In previous posts, we discussed the arrival of the Experience Economy in 1998, the year Bellagio opened here in Las Vegas (remember those fountains that are everywhere on social media?) and the fact that it is here to stay. We also discussed esports as a phenomenon and some of the details of a study YWS commissioned from GfK Research (www.gfk.com) on the topic.
In this post, I’d like to step back to 1912 when my great-grandmother sent a postcard to my grandmother indicating that she’d be arriving at the North Avenue train depot and that my grandmother should come pick her up.
Fast forward a hundred six years and she would have used a smart phone to call or text grandma the message — perhaps with a train emoji tacked on for good measure, and proceed to an Uber car for a ride to grandma’s house.
Undeniably, times keep changing, and how we spend time and experience life is changing too. According to the 2017 Digital Future Report published by the Center for the Digital Future at USC Annenberg, the average American spends 23.6 hours online each week … a number that has steadily increased in recent years. That means more than 20 percent of an American’s life is now spent consumed in the digital world (perhaps on a train platform waiting for a commuter train home). We previously touched on this trend when examining esports arenas.
While specific statistics related to digital usage differ among Baby Boomers, Gen-Xers, Gen-Yers (aka Millennials) and Gen-Zers, there is one consistent thing: Today’s customers are more nuanced — their information intake is faster, more personalized and interactive. And therefore, in lieu of traditional age-related demographic data, this evolving trend requires consideration of your customer’s psychographic data in determining how to best identify, reach and satisfy them.
But, we need to step back again and recall that traditional information distribution was a one-way street, pushing structured messages from providers (such as retailers or manufacturers) to customers through regularly scheduled and published channels (television, newspapers, and magazines for example). Unlike the orderly, one-way street, information distribution systems today live in the aptly named information superhighway — cluttered with a few chaotic roundabouts built in. It is now an ad-hoc, user-initiated system created, controlled, and consulted by the very end consumers when and where they want it.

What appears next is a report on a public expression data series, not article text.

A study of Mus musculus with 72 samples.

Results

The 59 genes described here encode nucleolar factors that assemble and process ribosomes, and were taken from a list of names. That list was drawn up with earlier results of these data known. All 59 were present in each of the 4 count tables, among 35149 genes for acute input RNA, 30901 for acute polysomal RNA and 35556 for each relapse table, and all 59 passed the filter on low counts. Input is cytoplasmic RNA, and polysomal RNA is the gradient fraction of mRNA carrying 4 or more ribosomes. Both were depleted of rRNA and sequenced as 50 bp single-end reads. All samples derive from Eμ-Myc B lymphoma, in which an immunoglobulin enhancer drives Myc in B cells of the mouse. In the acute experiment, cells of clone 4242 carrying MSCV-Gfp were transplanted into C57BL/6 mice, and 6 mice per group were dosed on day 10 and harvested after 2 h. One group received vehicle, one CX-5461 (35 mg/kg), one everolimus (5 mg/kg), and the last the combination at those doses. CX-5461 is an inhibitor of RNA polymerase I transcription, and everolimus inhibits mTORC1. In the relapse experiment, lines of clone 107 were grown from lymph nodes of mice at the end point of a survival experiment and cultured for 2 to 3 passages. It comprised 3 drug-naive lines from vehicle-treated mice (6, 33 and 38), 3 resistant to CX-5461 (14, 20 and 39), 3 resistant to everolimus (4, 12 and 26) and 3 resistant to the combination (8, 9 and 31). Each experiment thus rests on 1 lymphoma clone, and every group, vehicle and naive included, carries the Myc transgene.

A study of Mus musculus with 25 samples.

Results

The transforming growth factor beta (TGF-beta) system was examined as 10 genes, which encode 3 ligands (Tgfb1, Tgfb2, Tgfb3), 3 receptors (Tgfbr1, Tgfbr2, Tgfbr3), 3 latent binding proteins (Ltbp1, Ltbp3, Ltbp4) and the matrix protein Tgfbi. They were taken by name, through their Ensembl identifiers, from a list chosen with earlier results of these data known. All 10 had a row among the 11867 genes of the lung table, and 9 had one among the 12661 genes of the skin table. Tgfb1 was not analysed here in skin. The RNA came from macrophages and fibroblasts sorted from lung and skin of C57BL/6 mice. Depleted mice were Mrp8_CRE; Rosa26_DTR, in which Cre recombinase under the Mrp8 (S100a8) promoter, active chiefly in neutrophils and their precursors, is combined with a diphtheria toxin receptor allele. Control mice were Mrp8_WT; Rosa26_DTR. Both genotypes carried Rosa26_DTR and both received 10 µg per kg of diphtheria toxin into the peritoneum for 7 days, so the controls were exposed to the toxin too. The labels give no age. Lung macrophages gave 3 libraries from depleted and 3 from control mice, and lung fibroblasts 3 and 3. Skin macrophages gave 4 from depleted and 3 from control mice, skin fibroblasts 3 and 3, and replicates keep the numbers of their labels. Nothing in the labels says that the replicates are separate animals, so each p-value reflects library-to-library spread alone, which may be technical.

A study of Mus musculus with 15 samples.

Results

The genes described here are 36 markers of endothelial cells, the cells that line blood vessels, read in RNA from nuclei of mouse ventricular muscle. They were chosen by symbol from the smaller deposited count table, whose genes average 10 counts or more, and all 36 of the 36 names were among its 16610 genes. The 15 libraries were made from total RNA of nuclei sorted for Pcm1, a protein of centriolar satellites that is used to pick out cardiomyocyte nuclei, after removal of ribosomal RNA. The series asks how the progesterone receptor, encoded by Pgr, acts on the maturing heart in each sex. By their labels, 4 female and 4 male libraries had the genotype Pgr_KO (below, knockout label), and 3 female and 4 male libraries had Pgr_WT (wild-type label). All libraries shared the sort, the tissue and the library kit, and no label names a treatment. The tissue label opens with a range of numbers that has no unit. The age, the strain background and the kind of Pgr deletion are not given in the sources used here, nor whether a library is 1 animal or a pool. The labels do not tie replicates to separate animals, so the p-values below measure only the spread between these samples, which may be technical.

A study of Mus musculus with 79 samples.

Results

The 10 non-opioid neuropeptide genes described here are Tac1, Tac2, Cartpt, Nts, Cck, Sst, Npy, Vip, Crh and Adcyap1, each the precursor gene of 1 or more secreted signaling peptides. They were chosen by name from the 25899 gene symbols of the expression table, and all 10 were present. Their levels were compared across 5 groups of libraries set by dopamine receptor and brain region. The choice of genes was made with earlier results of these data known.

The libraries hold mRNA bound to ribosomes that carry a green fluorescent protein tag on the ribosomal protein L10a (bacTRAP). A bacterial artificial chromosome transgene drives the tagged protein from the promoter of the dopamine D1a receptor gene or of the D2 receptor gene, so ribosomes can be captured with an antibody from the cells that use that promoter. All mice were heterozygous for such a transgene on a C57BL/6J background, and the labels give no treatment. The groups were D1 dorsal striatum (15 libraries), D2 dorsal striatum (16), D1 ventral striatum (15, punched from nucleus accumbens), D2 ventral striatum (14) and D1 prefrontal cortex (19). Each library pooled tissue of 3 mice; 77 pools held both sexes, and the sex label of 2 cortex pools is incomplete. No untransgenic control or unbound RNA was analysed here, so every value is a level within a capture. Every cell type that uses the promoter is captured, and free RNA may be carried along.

Yes, people still watch television (or streaming services) and read the newspaper (online or printed), but, more often, they are participating in content curation and consumption in an online world that puts them in the driver’s seat.
In addition to taking a more active role in message reception, today’s consumers latch on to technology’s ability to deliver small shots of pleasure. Scientists are still debating whether technology is actually addicting and how much dopamine plays into our digital decisions, but there’s no question people eagerly participate in this two-way communication system that makes them “feel” rewarded and worthwhile with instant feedback and reactions.
We live in a 24/7/365 connected world. Being connected to electronic devices means feedback and reactions from billions of other connected people are instantaneous. Why wait for a letter to the editor to be printed when you can get a Facebook “like” within moments of uploading a photo? Andy Warhol said people want their 15 minutes of fame. This still holds true, but in our opinion, they now want it delivered 15 self-gratifying seconds at a time.
So here’s the take-away: 1) It is no longer possible to lump large, unified groups of people together based on demographic information, 2) nor is it possible to reach these groups through traditional uni-directional distribution channels using mass-produced messages and methods, 3) this option-rich, information-saturated, high-touch, there’s an app for that, instant-response digital world requires that Brick-and-Mortar environments interact with our customers and the environments we create for them.
And that’s a topic we’ll explore more in-depth next.